Challenging Stress (3)

Published on

(The third in a series of short pieces about how our unconscious thinking can create unnecessary stress - so called Negative Automatic Thoughts or NATs.) I have looked at how we catastrophise and personalise. Another two classic examples of negative thinking which increase our stress levels, and which both reflect our tendency to polarise in our thinking, are generalising and black and white thinking.

How many times do we get something wrong and tell ourselves we are an idiot, rubbish, hopeless? We would not speak to anyone else in that way, and we would never condemn the entirety of another human being on the back of one small error or failing. And yet we do it to ourselves - we may not really intend to mean that everything about us is a failure, but that tends to be the language we use. And the more you hear something being said, particularly by that voice inside your head with unique access to your every waking hour and minute, the more likely you are to come to believe it. And at what cost to your wellbeing and stress levels?

When you hear that voice - and sometimes it is internal and sometimes more audible (I am thinking about the golf course in particular) - just take a moment to challenge it. I am not a %&#*. I may have made an error (or something may have gone wrong which was not really my fault at all) but that does not go to the core of who I am. I actually do quite a lot of things fairly competently, even well sometimes!

And what about those "here we go again" moments when we experience something familiar and just assume that what has happened before will happen again - normally something bad. It always happens like this. And as we resign ourselves to that dreadful outcome our stress levels rise. You know what? It doesn't always turn out like that, no two situations are the same, the fact that something happened before does not mean it will happen again, but the best way of ensuring it will is to assume it will, and to act accordingly. Change the way you think and act and you may well change the outcome.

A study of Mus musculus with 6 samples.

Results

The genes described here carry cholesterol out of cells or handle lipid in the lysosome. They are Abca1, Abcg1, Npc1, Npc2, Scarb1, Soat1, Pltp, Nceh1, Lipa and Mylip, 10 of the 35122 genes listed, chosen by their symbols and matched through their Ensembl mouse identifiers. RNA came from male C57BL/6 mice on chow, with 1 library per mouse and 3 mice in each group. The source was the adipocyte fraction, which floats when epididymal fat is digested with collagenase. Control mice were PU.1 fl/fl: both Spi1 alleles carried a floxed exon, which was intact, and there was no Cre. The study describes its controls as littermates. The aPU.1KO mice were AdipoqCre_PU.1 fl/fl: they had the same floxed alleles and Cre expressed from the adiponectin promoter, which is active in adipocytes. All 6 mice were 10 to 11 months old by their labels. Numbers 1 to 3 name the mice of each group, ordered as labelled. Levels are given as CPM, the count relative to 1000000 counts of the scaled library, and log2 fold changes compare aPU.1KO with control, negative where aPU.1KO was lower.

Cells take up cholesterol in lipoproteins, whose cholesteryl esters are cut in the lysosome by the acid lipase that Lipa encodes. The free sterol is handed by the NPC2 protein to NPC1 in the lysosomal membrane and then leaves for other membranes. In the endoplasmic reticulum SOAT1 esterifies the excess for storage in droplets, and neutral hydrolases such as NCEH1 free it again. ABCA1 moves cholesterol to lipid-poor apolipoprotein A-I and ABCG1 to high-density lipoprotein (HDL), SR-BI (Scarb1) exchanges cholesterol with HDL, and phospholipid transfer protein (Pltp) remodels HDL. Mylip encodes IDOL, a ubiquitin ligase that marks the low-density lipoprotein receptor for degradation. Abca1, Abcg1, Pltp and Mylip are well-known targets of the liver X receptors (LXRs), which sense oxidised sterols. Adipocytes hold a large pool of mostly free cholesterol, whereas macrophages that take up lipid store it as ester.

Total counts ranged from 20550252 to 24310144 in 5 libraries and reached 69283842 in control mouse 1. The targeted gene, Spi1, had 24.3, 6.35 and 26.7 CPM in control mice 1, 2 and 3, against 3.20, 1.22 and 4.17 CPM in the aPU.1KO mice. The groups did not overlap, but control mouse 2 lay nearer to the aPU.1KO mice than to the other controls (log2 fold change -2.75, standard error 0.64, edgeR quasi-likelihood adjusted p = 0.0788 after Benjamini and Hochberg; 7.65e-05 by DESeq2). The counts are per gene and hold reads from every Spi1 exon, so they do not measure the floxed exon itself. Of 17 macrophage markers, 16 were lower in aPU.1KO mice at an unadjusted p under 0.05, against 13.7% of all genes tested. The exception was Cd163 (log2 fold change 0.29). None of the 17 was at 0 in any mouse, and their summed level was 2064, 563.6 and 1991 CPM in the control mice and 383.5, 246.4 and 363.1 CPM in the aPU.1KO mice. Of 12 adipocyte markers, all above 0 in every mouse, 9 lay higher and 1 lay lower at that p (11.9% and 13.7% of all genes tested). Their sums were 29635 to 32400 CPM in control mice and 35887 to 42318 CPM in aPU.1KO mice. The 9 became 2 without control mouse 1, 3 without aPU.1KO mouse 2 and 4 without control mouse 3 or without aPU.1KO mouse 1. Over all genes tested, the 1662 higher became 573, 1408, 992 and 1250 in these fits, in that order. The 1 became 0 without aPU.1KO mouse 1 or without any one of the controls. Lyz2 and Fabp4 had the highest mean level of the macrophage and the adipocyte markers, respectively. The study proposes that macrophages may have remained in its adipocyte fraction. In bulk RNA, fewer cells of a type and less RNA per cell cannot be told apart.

Black and white thinking does what it says on the tin. We (and other people) are either good or bad, right or wrong etc. When we have a decision to make, a choice, one option is right and one is wrong. And how much stress do we build up as a result, trying desperately to get to the right answer, when maybe there isn't one, maybe there are just different equally good, and bad, options - maybe life is lived in the grey and not the black and white.

The UK has recently been through a classic example of this on a national stage with the referendum. Few on the remain side believed everything about the EU was perfect, and few on the leave side believed it was all a complete disaster. Yet we were forced into a completely polarised decision, black or white, in or out, with our stress levels running at maximum in many cases.

The referendum ballot paper forced us into that position, we do not have to allow ourselves to think that way about everything else.

More from

Richard Martin

Men and their mental health

Richard Martin, highlights the issues men face and how they can be specifically supported with their mental health in the workplace.

Permanent health insurance claims for mental health absence – some coal face tips

Long term mental illness will often include a financial worry. If you are fortunate enough to have insurance cover, here are some tips to keep in mind.

Focussing our attention, via Gotham City

A thought about being mindful and where we choose to focus our attention, with a short diversion around Gotham City.

Who is the problem?

The problem is you and you need to get fixed. Or is it? A different perspective on distress in the workplace, and more generally, and how to address it.